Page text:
Elgar


Sir Edward William Elgar was an outstanding English composer of orchestral and choral music. He was born in the village of Lower Broadheath, England on June 2, 1857. His father was a piano tuner and music dealer. By age eight, he was taking violin and piano lessons. He surrounded himself with the sheet music in his father’s shop and taught himself music theory. He made his first public appearance as a violin soloist at age 15 and then started his career in music, giving lessons in piano and violin and occasionally working for his father. He visited Europe in 1880-1882 and attended many musical events where there were fine orchestras. It was here he was introduced to the music of Wagner.

His first recognition as a composer came in 1890, when he produced the overture, Froissart. During the 1890’s he composed works for the choral festivals of the Midlands. His fame grew steadily and he received a knighthood in 1904. He became master of the King’s Music in 1924 and was made a baronet in 1931.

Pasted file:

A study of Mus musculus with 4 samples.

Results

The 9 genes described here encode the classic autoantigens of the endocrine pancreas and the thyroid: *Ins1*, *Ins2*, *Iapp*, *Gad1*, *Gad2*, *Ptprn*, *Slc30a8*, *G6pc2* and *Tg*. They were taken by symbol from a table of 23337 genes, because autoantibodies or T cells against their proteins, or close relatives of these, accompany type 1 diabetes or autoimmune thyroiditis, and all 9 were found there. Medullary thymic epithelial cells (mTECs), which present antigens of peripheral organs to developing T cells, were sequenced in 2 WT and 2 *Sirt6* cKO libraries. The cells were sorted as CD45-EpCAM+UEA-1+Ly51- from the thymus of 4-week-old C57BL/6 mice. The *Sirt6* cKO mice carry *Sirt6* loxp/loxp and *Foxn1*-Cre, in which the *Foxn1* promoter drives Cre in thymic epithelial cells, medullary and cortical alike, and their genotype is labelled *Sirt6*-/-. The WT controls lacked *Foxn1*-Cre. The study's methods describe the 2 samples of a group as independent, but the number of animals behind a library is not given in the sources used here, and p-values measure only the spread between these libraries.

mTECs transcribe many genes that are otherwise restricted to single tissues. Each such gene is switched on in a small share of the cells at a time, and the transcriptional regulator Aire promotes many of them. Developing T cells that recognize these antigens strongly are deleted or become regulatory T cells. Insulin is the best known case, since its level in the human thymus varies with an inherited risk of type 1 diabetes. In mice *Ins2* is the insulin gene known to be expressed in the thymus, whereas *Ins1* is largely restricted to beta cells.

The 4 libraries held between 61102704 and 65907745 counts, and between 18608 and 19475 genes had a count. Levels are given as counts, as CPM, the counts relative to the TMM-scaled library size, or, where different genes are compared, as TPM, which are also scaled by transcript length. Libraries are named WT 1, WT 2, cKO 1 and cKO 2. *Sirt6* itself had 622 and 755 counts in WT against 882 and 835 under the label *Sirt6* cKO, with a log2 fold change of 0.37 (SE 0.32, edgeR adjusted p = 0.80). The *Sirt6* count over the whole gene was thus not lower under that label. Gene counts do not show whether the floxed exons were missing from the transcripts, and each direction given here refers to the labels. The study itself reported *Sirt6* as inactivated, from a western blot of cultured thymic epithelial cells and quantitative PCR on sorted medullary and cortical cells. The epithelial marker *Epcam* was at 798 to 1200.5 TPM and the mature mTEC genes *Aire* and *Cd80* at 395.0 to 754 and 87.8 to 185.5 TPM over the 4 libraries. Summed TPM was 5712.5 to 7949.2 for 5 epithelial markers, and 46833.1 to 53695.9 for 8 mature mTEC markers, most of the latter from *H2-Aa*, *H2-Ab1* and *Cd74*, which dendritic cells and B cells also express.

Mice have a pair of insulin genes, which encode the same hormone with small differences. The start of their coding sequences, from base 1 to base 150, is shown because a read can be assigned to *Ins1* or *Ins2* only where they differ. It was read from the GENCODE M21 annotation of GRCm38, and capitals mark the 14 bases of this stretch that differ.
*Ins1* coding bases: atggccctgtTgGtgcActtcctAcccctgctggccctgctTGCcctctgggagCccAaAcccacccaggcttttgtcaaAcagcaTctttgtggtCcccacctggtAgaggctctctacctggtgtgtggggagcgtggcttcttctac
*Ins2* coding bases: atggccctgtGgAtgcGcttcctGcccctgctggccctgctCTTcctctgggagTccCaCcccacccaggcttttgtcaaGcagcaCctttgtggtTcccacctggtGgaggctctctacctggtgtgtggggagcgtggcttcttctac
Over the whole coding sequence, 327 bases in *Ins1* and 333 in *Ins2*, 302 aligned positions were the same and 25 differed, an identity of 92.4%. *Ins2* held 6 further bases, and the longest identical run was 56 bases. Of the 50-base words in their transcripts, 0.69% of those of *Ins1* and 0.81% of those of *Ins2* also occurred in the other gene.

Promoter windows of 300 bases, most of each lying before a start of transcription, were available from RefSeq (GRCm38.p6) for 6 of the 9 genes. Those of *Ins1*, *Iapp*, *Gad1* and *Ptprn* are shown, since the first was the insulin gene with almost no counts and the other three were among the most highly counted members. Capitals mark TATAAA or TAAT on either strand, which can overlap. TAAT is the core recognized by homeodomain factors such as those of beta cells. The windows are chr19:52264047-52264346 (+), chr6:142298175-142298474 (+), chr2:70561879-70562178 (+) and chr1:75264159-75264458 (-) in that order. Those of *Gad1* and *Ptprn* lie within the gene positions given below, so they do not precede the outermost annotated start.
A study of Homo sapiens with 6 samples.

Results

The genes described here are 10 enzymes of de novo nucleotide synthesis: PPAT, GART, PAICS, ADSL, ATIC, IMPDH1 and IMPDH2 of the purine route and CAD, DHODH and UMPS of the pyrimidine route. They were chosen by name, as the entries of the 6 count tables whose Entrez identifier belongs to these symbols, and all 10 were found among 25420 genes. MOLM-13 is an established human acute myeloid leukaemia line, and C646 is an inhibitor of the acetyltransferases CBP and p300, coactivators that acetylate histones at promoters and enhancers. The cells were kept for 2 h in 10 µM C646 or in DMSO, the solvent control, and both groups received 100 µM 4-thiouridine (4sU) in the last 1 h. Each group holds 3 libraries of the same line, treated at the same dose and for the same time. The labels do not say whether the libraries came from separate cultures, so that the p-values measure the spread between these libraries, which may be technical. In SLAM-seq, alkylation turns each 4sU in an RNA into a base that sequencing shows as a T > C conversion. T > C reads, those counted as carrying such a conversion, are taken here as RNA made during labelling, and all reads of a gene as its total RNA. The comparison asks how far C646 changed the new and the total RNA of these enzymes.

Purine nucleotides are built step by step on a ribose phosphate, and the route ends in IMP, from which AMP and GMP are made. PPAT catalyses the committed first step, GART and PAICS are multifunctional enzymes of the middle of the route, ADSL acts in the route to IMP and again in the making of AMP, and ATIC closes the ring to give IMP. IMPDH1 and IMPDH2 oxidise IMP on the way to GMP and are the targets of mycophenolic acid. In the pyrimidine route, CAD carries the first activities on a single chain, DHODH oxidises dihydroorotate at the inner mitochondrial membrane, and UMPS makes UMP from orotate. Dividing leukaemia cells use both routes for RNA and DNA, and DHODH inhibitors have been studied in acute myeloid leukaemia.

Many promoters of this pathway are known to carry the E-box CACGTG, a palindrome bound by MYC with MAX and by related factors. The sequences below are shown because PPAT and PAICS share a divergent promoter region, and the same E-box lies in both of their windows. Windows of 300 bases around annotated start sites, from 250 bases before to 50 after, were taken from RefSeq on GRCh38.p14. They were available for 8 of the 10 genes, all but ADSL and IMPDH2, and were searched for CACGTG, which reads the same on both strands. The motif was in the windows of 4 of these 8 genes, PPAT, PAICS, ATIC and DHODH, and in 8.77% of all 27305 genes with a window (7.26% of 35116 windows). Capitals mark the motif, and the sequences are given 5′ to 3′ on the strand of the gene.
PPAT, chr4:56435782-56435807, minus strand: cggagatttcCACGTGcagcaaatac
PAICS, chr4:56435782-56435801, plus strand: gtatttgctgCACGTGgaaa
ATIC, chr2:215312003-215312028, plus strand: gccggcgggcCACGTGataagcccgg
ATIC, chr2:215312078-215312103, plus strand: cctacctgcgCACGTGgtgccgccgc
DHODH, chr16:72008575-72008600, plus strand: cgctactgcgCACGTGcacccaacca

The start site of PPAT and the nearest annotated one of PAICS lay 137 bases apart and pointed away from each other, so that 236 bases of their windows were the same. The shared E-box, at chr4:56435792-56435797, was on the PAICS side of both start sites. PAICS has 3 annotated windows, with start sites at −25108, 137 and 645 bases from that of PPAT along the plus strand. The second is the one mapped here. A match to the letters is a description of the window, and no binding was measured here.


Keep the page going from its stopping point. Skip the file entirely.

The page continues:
Elgar composed in the Romantic tradition with works that have become famous for their rich orchestration and beautiful melodies. Among his most popular compositions are the Pomp and Circumstance Marches, which was written for the coronation of King Edward V11, and the Enigma variations, also known as Variations on an original theme. His oratorio, Geronitius, is considered to be his masterpiece. During his lifetime, he composed two other oratorios, two symphonies, chamber music songs, a concerto for the violin and a concerto for the cello.

He passed away on February 23, 1934, in Worcester, England.